This "MBA Chaiwala" built a business by just selling tea.
How many of us have struggled to get into top Business School to have a lucrative career ahead with a fat pay package? One of the toughest exams, called ‘CAT’ (Common Entrance Test for getting admission into Masters in Business Administration), has lakhs of aspirants appearing every year only to get in top Business schools of India.
This story is an inspiring story of a middle-class Indian guy called Mr. Praful Billore, who, like any other ambitious teen, wanted to pursue an MBA. He appeared in CAT Entrance Exam, for three years and failed every time.
He was a sincere student and would study for 8 to 10 hours a day to compete for the CAT exam. His parents had a lot of hopes for him and would encourage him to study hard to get into the right MBA college.
On his repetitive failure, he got too depressed and quit his CAT preparations for a while. He roamed around the entire India to look for solace. When after a few weeks of traveling, he landed in Ahmedabad, he felt like home.
He was not sure of what he wanted to do next, as his plans of pursuing an MBA from a top B-school had utterly shattered. So, he joined McDonald’s as a housekeeping staff. He kept getting promoted to become a kitchen staff who would take orders, make burgers, and serve the customers.
He had this innate desire to get an identity of his own. He kept thinking of starting a venture of his own. He went around to look for a place to start a cafe’ but the minimum investment needed was Rs. 15,00,000.
He did not have any money to invest. So, he finally dropped the idea and kept thinking of some idea of his own. He finally decided to start a tea stall of his own but lacked the courage to do so. There is a lot of social stigmas associated with starting a roadside tea stall.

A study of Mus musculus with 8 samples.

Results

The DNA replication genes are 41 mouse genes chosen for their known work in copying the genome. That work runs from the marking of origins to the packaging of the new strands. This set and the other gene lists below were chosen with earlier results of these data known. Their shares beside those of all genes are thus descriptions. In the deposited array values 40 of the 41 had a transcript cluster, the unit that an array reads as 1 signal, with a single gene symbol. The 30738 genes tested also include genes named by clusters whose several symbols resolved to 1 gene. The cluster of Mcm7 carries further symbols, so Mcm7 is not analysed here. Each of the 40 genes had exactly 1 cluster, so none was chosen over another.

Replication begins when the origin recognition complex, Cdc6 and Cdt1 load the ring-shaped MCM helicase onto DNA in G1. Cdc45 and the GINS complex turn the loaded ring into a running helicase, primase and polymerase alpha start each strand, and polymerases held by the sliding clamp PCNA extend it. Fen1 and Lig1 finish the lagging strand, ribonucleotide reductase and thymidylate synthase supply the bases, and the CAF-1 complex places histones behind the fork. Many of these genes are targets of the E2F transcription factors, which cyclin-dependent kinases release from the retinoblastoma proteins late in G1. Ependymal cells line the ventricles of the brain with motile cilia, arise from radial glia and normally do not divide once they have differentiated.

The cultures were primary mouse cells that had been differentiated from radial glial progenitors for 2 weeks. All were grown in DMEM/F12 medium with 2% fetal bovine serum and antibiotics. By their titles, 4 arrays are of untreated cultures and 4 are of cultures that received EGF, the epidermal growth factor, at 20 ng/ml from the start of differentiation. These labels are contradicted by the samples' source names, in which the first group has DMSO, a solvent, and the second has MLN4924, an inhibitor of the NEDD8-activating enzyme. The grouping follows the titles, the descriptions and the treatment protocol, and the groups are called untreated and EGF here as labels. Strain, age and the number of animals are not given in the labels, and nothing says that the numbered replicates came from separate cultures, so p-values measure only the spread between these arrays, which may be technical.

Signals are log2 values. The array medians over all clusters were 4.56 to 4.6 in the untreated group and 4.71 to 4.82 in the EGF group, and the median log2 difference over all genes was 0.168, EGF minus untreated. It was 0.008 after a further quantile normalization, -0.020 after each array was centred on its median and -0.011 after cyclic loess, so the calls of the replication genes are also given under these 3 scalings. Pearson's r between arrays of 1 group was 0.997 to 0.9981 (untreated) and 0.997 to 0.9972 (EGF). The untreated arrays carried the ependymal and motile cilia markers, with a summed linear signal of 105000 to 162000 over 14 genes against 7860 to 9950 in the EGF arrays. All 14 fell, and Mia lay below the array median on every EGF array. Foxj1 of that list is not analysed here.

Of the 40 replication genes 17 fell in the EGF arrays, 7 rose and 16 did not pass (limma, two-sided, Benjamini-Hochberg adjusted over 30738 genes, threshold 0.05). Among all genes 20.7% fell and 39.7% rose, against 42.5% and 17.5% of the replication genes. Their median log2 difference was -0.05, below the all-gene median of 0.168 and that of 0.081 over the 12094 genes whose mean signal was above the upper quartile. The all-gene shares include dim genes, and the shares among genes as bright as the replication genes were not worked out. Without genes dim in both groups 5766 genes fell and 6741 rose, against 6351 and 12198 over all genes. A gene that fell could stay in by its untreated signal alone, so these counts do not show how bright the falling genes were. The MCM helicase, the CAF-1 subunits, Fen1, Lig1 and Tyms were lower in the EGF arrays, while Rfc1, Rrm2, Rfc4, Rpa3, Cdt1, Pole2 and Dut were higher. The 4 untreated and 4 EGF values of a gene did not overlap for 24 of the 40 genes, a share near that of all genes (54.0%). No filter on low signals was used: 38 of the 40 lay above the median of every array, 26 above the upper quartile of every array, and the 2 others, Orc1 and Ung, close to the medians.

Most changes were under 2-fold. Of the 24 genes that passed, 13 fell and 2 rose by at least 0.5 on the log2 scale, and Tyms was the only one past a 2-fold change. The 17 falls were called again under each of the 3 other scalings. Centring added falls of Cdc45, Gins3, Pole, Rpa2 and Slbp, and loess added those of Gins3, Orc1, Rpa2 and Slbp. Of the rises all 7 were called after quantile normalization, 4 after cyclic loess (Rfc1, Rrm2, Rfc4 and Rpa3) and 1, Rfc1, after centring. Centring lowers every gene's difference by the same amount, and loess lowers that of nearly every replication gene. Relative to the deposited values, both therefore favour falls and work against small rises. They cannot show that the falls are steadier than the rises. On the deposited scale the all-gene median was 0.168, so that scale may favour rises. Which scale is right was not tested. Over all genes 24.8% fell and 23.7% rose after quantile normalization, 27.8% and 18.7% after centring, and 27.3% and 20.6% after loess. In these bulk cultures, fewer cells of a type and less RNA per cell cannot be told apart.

It is believed that uneducated labor class people run roadside tea stalls to earn a meager income. Praful also got scared thinking of his father’s annoyance if he gets to know that his son is running a tea stall instead of pursuing an MBA from a good B-school.
With so many concerns in Praful’s mind, he couldn’t sleep for many nights. It took him 45 days to gather the courage of buying the necessary tea making vessels and ingredients. Soon after, he set up the stall, but the journey wasn’t easy.
He put in all his effort and might, to run his tea stall and was quickly getting popular. But, the neighboring tea stall owners in his vicinity got insecure and jealous of his increasing popularity. They got together to brutally throw him out of their area and did so successfully.
Nevertheless, Praful was determined to succeed in his endeavor. He went to a hospital owner and asked him to rent his space to him for putting up a tea-stall. He happily rented it out for Rs. 10,000. And, Praful was back to business with full zeal.
He reinvented the strategy of selling tea to his customers. He made a corner in his shop where job seekers can leave their names, numbers, and qualification to help them connect to job providers. The job providers would often come for having tea and would pick up the numbers of suitable candidates.
Praful named his business ‘MBA Chaiwala, ‘ which stands for ‘Mr. Billore Ahmedabad Chaiwala’. Some people mocked him, saying that even so-called educated MBA’s are forced to sell tea these days. Many others said that is this the only profession he could think of despite being educated?
But, Praful did not let any such harsh comments come on his way of setting a new record. His courage helped him grow his business to whopping crores of earning every month. He travels widely across the globe to organise social events and charity.
And look at the irony of life! Now, MBA Chaiwala is invited to IIM’s and Harvard Business school only to deliver a talk on how to pursue a passion and become big. It all started with his failure to seek admission to these very prestigious colleges like IIMS and Harvard.
This is what courage and passion can do to all of us. Many times in life, we dream of starting something but lack the courage to commence and pursue it. The biggest fear that often stops us from chasing our dreams is, ‘What will people say if I do this?’ What we forget is that people can be judgemental or critical for some time, but once you succeed, everything falls in place on its own.